On Saturday the 193 member states formally confirmed the consensus
The United States on Saturday denounced at the United Nations a system of discounts for the peacekeeping assessments of wealthy nations, and confirmed Washington will pay no more than 25%.
The comments came a day after UN member states failed to reach a deal to make up for a $220 million budget black hole left by Washington's downsizing of its peacekeeping contributions.
The discounts demonstrate an "urgent need to reform," said Cherith Norman Chalet, the US Ambassador for UN Management and Reform, referring to countries whose "per capita income is more than twice the average of the organization's membership."
She did not identify those countries.
Her comments came during the adoption of a resolution renewing until 2021 contributions to the UN operating budget, which is $5.4 billion for 2018-19, and to the peacekeeping budget of $6.6 billion annually.
The United States is the largest contributor, whose share is 22% of the operating budget and 28% for peacekeeping.
President Donald Trump announced in September, however, that Washington would pay no more than 25% for Blue Helmet operations.
Washington has been trying to convince several countries to reduce their discounts in order to cover the $220 million annually which Washington no longer wants to pay.
Peacekeeping financing is determined by a complicated formula that takes into account a country's wealth, its standing as a permanent Security Council member and other factors.
"These discounts are without justification and have no basis in any methodology and should be eliminated," Chalet said.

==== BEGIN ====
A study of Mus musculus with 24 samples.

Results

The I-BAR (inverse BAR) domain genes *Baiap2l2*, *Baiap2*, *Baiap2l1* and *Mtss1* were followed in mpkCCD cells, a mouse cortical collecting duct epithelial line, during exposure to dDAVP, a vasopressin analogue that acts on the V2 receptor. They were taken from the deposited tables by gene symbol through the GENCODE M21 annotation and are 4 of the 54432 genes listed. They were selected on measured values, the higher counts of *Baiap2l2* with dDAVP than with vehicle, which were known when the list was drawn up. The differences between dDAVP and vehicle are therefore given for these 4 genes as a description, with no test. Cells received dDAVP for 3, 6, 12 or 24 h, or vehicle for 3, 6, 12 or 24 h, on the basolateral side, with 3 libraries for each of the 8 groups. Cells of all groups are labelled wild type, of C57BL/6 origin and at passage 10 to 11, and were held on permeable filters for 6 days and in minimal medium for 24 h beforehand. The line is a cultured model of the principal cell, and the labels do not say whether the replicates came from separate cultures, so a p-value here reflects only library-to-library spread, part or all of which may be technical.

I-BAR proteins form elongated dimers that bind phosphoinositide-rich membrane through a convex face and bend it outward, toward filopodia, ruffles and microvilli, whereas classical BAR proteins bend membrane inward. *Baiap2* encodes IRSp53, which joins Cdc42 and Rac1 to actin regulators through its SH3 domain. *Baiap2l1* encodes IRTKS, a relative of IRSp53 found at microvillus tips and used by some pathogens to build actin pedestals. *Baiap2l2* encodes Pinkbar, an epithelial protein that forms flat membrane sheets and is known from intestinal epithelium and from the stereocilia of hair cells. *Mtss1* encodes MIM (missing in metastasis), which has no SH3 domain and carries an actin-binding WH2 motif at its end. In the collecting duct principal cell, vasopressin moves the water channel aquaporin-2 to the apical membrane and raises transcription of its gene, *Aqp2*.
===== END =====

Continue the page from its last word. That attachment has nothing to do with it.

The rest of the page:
"Nearly half of member states receive an 80 percent discount to their assessments on the peacekeeping scale."
Diplomats said that, in their quest for a better sharing of the financial burden, the US had approached Saudi Arabia, Qatar, the United Arab Emirates, Turkey, Singapore, Brunei, Brazil, Mexico and India.
Those efforts were in vain.
Ambassador Nikki Haley, who leaves her post on December 31, could have been involved in the battle but surprisingly abandoned it, a diplomat said.
Overnight Thursday-Friday Washington finally joined a consensus to maintain the status quo on key budget issues for another three years, diplomats said, meaning the UN's financial shortfall will continue to grow.
On Saturday the 193 member states formally confirmed the consensus.
But the financial dispute is not going away.
"The United States is going to attack mission after mission" to eliminate them or reduce the costs, the diplomat predicted.
A second diplomat said that even "without legal basis" Washington "will pay only 25% and accumulate the arrears."
Chalet assured that "the United States takes its obligations to the United Nations seriously and its partnership with the organization and with other member states."
However, she added that "lack of agreement on a 25% ceiling will cause the organization to continue to face a three percent shortfall in its peacekeeping budget as the United States will pay no more than 25% of peacekeeping expenses."